Their kind haven’t been seen in Germany for at least two thousand years. Their chariots can’t be heard rumbling in the distance. Neither do we see them in their woven finery, fastened with gold and bronze, clutching swords.
Beginning in 2019, Baden-Württemberg’s state government unveiled a new cultural policy, 'Baden-Württemberg & its Celts’, that would inject millions into a network of museums and cultural sites, dedicated to bringing the world of the Celts to life.
The sun sets behind a reconstructed hill grave in Eberdingen on July 10th. Photo: DPA
At the time, State President, Winfried Kretschmann was quoted as saying, “The special historical relationship of today's Baden-Württemberg to the Celts should be made more visible in the state and made emotionally tangible for people’.
This year the ‘Keltenland’ project has been unveiled, incorporating the massive redevelopment of sites such as the ‘lost city’ of Heuneburg near Sigmaringen. and the ‘princely grave’ of Hochdorf, near Ludwigsburg, as well as the establishment of several traveling exhibitions and cultural events.
‘Why now?’, you might ask. The answer lies in the significant discoveries made in the past decade – chiefly the aforementioned Heuneburg.
Rather than the lovably roguish warriors of ‘Asterix and Obelix’, artefacts taken from the Heuneburg revealed that the Celts who settled throughout the region created an advanced trading network.
This network brought goods into the region from throughout the Mediterranean world, in exchange for a variety of their handwork sent south. Combined with aerial photography and ground-scanning, these artefacts lead archaeologists to suggest that the Heuneburg could be considered the first ‘city’ north of the Alps.
Fortifications across the state also show that these Celts had a complex society that necessitated massive construction. The Ipf, near Bopfingen, and the Heidengraben near Grabenstetten demonstrate the ability of these local Celts to create massive earthworks that served as defensible bastions, and demonstrations of their power.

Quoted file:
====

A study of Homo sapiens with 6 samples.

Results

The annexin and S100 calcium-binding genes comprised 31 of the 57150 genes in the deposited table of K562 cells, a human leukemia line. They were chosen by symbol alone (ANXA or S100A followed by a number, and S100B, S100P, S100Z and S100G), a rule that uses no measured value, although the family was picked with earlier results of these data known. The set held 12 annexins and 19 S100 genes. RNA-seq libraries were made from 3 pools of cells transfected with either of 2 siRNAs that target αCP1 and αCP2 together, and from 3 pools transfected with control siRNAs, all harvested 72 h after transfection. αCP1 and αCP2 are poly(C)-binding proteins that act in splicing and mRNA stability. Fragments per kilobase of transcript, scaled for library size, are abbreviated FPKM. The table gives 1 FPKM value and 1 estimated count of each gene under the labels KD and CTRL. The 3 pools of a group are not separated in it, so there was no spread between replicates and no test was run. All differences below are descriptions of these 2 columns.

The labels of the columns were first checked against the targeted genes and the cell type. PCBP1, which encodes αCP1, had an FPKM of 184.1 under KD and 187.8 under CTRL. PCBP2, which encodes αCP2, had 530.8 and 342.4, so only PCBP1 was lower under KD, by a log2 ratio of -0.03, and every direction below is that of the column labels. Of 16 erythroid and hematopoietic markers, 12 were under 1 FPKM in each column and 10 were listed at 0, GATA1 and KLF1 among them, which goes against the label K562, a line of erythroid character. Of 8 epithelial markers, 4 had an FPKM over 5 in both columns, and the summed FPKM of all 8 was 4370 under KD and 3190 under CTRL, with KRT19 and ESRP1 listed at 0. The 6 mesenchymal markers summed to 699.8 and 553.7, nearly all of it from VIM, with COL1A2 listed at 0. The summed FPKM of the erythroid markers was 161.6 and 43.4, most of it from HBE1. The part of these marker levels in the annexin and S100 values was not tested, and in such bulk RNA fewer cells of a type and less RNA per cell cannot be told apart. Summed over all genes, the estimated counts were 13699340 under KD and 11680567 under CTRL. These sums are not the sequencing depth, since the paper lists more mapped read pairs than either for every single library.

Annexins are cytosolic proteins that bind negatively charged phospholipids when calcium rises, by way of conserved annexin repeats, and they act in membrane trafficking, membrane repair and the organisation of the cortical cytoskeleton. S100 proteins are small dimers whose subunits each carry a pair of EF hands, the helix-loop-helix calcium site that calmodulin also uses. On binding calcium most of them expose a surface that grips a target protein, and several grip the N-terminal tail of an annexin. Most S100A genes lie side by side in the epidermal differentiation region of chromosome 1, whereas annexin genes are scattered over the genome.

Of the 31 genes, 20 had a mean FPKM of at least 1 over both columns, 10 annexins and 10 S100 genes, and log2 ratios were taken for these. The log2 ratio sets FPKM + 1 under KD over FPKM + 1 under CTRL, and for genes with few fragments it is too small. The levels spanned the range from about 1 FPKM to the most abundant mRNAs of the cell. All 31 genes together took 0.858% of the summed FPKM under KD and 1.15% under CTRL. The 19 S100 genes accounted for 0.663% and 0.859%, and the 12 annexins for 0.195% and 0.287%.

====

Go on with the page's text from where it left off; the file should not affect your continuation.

A silver ring from Trichtingen hangs in the Landesmuseum Württemberg as part of a Celtic exhibit. Photo: DPA
Finally, grave goods discovered at locations such as Hochdorf and Nagold showcase the Celt’s ability to create stunning works of jewelry from gold and other metals.
In particular, the Hochdorf site contains such a diverse range of complex, crafted goods as to blow apart conceived notions of the ‘Celts’ as barbarians and subsistence farmers. Rather, they strike experts of the period as some of the first ‘modern’ Europeans.
As the year progresses, and the country emerges further from the coronavirus lockdown, more about the ‘Keltenland’ initiative will be unveiled to the public.
As one of the largest cultural heritage projects currently active in Europe, many will be watching to see whether showcasing the world of the distant past will be enough to attract visitors to spend their money.